This structure of DNA was worked out by Francis Crick and James D. Watson in 1953. It revealed how DNA - the molecule that Avery had shown was the physical substance of the genes. It could be replicated and so passed on from generation to generation. For this epochal work, they shared a Nobel Prize in 1962.

    Double Helix Features

    The double helix of DNA contains two polynucleotide strands wound around each other. The backbone of each consists of alternating deoxyribose and phosphate groups. The phosphate group bonded to the 5' carbon atom of one deoxyribose is covalently bonded to the 3' carbon of the next. The two strands are "antiparallel"; that is, one strand runs 5′ to 3′ while the other runs 3′ to 5′. The DNA strands are assembled in the 5′ to 3′ direction and, by convention, we "read" them the same way.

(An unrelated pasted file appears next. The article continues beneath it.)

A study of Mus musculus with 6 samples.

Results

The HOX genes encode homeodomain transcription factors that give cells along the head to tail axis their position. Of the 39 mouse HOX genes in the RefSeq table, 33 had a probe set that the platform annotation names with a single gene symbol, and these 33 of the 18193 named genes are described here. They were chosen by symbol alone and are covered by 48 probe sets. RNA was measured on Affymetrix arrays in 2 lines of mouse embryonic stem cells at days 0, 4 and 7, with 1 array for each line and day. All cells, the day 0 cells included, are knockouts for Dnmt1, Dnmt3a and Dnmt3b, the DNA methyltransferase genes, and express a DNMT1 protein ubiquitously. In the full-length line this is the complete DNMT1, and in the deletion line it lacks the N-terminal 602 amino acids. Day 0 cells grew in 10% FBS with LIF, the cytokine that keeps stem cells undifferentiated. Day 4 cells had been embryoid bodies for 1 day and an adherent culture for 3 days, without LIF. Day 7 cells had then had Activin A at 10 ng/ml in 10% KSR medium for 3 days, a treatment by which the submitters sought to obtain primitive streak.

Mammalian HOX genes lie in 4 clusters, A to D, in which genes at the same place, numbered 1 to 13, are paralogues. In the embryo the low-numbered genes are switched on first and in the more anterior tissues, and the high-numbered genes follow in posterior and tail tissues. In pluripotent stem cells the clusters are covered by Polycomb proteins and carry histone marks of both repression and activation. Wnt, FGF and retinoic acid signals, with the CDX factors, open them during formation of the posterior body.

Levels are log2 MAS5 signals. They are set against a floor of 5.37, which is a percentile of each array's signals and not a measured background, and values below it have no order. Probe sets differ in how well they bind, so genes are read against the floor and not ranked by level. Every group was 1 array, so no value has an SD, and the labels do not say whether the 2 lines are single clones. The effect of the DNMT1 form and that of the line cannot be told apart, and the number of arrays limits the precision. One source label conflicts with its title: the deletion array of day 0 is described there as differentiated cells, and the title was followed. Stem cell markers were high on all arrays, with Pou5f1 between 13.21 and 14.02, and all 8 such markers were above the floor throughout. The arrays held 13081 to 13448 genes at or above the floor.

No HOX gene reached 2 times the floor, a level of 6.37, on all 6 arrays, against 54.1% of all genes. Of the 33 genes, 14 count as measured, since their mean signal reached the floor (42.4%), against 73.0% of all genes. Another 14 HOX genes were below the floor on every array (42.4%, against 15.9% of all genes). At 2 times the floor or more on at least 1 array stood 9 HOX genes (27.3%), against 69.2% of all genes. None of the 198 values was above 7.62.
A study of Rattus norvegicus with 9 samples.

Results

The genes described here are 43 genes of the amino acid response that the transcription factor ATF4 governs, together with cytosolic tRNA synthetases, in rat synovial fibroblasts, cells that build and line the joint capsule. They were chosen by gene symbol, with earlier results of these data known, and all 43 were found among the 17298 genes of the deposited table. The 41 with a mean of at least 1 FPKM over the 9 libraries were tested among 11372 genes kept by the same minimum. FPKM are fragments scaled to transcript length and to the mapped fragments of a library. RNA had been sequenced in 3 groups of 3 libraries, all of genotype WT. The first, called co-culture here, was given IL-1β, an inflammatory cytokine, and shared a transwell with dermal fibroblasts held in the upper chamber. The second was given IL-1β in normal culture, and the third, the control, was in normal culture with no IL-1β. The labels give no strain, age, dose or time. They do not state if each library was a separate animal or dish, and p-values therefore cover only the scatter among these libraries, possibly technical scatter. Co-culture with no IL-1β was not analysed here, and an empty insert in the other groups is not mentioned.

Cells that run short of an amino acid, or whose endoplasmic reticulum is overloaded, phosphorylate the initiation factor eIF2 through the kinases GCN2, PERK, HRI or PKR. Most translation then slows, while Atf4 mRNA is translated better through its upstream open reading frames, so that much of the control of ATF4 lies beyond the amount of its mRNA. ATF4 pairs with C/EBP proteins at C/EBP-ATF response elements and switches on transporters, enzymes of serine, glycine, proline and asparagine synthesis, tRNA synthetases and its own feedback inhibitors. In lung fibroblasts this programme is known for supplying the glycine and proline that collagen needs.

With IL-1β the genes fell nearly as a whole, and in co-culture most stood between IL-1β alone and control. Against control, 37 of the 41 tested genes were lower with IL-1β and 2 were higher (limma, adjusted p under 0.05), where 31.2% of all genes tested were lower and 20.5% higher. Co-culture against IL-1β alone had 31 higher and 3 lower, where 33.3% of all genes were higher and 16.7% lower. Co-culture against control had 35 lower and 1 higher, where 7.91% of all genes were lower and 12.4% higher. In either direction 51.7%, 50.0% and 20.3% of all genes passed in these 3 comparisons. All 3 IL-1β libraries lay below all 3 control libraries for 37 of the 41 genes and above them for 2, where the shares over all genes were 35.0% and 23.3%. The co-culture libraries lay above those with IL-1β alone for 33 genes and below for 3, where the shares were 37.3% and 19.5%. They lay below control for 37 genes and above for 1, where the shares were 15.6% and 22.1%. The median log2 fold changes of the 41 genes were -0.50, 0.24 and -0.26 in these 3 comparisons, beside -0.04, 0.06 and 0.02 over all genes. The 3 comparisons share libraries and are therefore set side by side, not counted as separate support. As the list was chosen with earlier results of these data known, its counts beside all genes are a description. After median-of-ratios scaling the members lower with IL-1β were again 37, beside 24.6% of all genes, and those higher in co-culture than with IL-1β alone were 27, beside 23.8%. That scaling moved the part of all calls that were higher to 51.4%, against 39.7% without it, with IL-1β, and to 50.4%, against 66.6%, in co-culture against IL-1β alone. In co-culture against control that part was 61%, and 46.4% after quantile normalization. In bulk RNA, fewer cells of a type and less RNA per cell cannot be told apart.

The purine or pyrimidine attached to each deoxyribose projects in toward the axis of the helix. Each base forms hydrogen bonds with the one directly opposite it, forming base pairs (also called nucleotide pairs). 3.4 Å separate the planes in which adjacent base pairs are located. The double helix makes a complete turn in just over 10 nucleotide pairs, so each turn takes a little more (35.7 Å to be exact) than the 34 Å shown in the diagram.

    There is an average of 25 hydrogen bonds within each complete turn of the double helix providing a stability of binding about as strong as what a covalent bond would provide. The diameter of the helix is 20 Å. The helix can be virtually any length; when fully stretched, some DNA molecules are as much as 5 cm (2 inches) long. The path taken by the two backbones forms a major (wider) groove (from "34 A" to the top of the arrow) and a minor (narrower) groove (the one below).